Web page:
CNDR Drum Blast |
FA Sinto's CNDR Drum Blast features less parts maintenance than tumblast machines, faster overall cycle time, zero pinch design that eliminates jams, and a no leak drum design. The CNDR is low maintenance, has low operating costs, and minimizes downtime.
Leader in Decon Shelters, Respirators, Filters, and Thermal ID products|
Immediate Response Technologies manufactures the highest quality US-made shelters, respirators, filters, & personal protection products for our military, hospital, first receiver, first responder, law enforcement, and foreign government customers. Call or email us today for your customized quote!
From basic storage boxes to multi-colored card stock, cardboard is available in an array of sizes and forms. A term for heavier paper-based products, cardboard can range in manufacturing method as well as aesthetic, and as a result can be found in vastly different applications. Because cardboard doesn’t refer to a specific material but rather a category of materials, it is helpful to consider it in terms of three separate groups: paperboard, corrugated fiberboard, and card stock.
Paperboard is typically 0.010 inches in thickness or less, and is essentially a thicker form of standard paper. The manufacturing process begins with pulping, the separation of wood (hardwood and sapwood) into individual fibers, as accomplished by mechanical methods or chemical treatment.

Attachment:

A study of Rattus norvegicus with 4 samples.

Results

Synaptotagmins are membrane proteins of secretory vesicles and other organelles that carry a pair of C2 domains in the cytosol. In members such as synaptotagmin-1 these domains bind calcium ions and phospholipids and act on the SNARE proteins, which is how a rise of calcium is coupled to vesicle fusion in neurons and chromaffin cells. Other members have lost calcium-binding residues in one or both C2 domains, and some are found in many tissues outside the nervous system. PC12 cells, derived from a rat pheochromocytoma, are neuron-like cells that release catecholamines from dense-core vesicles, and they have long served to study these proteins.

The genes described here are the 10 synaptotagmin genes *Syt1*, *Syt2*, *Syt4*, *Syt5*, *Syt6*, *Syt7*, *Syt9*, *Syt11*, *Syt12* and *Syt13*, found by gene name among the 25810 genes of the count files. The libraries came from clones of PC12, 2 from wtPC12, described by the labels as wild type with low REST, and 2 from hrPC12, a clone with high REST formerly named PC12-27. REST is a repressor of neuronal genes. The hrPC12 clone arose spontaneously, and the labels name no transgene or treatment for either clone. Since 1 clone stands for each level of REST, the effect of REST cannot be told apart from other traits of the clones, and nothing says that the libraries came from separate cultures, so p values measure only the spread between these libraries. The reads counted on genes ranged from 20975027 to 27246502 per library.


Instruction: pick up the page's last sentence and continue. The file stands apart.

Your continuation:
Mechanical pulping typically involves grinding the wood down using silicon carbide or aluminum oxide to break down the wood and separate fibers. Chemical pulping introduces a chemical component to the wood at high heat, which breaks down the fibers that bind cellulose together. There are approximately thirteen different kinds of mechanical and chemical pulping used in the U.S.
Semichemical processes pre-treat wood with chemicals, such as sodium carbonate or sodium sulfate, then refine the wood using a mechanical process. The process is less intense than typical chemical processing because it doesn’t completely break down the fiber that binds cellulose, and can take place at lower temperatures and under less extreme conditions.